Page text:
Washington: A new study claimed that bees also underwent massive extinction when dinosaurs did millions of years ago.
For the first time ever, scientists have documented a widespread extinction of bees that occurred 65 million years ago, concurrent with the massive event that wiped out land dinosaurs and many flowering plants.
The findings could shed light on the current decline in bee species.
Lead author Sandra Rehan, an assistant professor of biological sciences at UNH, worked with colleagues Michael Schwarz at Australia`s Flinders University and Remko Leys at the South Australia Museum to model a mass extinction in bee group Xylocopinae, or carpenter bees, at the end of the Cretaceous and beginning of the Paleogene eras, known as the K-T boundary.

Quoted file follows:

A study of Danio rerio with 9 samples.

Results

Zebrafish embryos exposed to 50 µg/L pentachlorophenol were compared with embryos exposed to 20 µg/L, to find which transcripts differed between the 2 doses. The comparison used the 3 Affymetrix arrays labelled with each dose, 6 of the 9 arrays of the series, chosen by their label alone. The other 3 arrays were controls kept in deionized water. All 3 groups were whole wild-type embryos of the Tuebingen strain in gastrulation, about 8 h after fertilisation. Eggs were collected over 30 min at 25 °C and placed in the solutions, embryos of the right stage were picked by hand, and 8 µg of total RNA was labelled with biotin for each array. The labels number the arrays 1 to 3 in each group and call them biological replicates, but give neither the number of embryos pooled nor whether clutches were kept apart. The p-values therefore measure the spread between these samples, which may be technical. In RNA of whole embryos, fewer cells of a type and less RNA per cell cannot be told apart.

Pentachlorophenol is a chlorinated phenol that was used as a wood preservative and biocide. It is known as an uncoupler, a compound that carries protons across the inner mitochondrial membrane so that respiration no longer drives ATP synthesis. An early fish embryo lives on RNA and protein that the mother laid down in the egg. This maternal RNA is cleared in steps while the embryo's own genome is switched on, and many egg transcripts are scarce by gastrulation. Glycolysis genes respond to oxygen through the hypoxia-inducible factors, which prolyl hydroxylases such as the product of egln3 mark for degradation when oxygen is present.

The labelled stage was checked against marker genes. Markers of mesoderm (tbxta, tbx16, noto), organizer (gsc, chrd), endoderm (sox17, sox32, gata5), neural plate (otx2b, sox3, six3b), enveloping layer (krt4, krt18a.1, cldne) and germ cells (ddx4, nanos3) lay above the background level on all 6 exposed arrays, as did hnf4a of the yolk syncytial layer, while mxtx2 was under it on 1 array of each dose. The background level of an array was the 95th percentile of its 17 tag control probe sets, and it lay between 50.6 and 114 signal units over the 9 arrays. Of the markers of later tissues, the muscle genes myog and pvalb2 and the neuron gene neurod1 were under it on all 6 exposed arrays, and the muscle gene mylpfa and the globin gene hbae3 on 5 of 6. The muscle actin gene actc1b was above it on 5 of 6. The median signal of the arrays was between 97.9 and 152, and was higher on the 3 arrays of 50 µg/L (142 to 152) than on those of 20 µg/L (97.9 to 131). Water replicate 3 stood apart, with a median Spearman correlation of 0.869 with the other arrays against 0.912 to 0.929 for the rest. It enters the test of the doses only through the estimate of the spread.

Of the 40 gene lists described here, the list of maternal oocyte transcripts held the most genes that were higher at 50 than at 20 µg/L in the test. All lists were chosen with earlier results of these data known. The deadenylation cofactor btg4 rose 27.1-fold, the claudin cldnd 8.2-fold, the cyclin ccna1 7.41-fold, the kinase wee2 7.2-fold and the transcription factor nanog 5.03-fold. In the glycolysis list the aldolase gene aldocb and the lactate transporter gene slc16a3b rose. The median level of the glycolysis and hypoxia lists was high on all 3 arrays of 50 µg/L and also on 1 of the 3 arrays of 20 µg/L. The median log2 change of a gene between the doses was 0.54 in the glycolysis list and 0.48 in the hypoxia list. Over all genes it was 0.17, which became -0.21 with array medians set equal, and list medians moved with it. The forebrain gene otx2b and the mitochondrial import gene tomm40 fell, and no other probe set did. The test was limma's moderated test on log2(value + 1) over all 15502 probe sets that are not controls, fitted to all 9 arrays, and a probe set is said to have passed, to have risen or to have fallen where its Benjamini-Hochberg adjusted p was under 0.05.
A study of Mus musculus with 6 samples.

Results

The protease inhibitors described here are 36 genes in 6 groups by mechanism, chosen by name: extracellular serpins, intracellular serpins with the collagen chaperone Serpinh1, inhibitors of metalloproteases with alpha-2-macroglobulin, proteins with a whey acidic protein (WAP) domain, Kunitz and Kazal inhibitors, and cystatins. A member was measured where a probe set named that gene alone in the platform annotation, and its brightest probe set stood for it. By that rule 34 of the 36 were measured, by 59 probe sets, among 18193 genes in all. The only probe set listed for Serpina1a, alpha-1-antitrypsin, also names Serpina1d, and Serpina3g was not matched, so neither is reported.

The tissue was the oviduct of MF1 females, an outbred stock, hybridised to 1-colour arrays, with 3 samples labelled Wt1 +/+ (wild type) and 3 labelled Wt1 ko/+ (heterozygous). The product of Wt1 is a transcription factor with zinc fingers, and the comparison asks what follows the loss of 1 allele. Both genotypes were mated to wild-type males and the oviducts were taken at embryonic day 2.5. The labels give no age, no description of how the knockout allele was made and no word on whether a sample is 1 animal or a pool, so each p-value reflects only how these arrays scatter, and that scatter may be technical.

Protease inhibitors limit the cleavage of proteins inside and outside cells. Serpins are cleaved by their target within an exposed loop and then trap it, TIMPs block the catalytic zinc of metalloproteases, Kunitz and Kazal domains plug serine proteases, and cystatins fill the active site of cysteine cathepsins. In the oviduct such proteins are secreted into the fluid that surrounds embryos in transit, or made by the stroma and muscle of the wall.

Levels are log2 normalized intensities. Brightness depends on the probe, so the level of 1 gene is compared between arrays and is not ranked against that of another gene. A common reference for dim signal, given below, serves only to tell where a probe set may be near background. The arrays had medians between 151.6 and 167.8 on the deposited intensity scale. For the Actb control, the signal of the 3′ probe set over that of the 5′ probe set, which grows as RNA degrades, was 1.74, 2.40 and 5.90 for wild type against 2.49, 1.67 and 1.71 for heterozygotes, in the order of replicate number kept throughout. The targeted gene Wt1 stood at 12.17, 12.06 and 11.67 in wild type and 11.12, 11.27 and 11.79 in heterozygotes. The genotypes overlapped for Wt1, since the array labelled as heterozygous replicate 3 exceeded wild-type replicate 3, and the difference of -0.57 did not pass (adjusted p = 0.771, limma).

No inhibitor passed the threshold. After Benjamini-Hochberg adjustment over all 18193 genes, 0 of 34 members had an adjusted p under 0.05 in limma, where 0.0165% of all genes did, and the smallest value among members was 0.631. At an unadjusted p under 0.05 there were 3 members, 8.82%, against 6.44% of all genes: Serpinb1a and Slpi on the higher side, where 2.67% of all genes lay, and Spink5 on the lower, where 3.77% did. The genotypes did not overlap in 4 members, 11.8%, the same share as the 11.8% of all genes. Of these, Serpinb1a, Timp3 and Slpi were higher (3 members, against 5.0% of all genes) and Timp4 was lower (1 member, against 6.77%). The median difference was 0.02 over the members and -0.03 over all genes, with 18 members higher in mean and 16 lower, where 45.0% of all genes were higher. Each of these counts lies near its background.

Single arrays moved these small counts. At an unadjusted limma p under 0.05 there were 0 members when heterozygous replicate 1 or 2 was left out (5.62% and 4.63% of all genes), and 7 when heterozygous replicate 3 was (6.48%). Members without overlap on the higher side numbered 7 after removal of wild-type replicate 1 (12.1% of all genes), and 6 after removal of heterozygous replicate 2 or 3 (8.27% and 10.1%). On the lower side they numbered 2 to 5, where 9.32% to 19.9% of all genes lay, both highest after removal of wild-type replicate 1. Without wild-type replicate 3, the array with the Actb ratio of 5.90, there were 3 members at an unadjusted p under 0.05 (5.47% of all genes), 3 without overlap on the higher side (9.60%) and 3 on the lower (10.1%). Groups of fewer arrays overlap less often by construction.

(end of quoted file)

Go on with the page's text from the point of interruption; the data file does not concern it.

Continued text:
Previous studies have suggested a widespread extinction among flowering plants at the K-T boundary, and it`s long been assumed that the bees who depended upon those plants would have met the same fate.
Yet unlike the dinosaurs, "there is a relatively poor fossil record of bees," Rehan said, making the confirmation of such an extinction difficult.
Rehan and colleagues overcame the lack of fossil evidence for bees with a technique called molecular phylogenetics.
Analyzing DNA sequences of four "tribes" of 230 species of carpenter bees from every continent except Antarctica for insight into evolutionary relationships, the researchers began to see patterns consistent with a mass extinction.
Combining fossil records with the DNA analysis, the researchers could introduce time into the equation, learning not only how the bees are related but also how old they are.
The study is published this week in the journal PLOS ONE.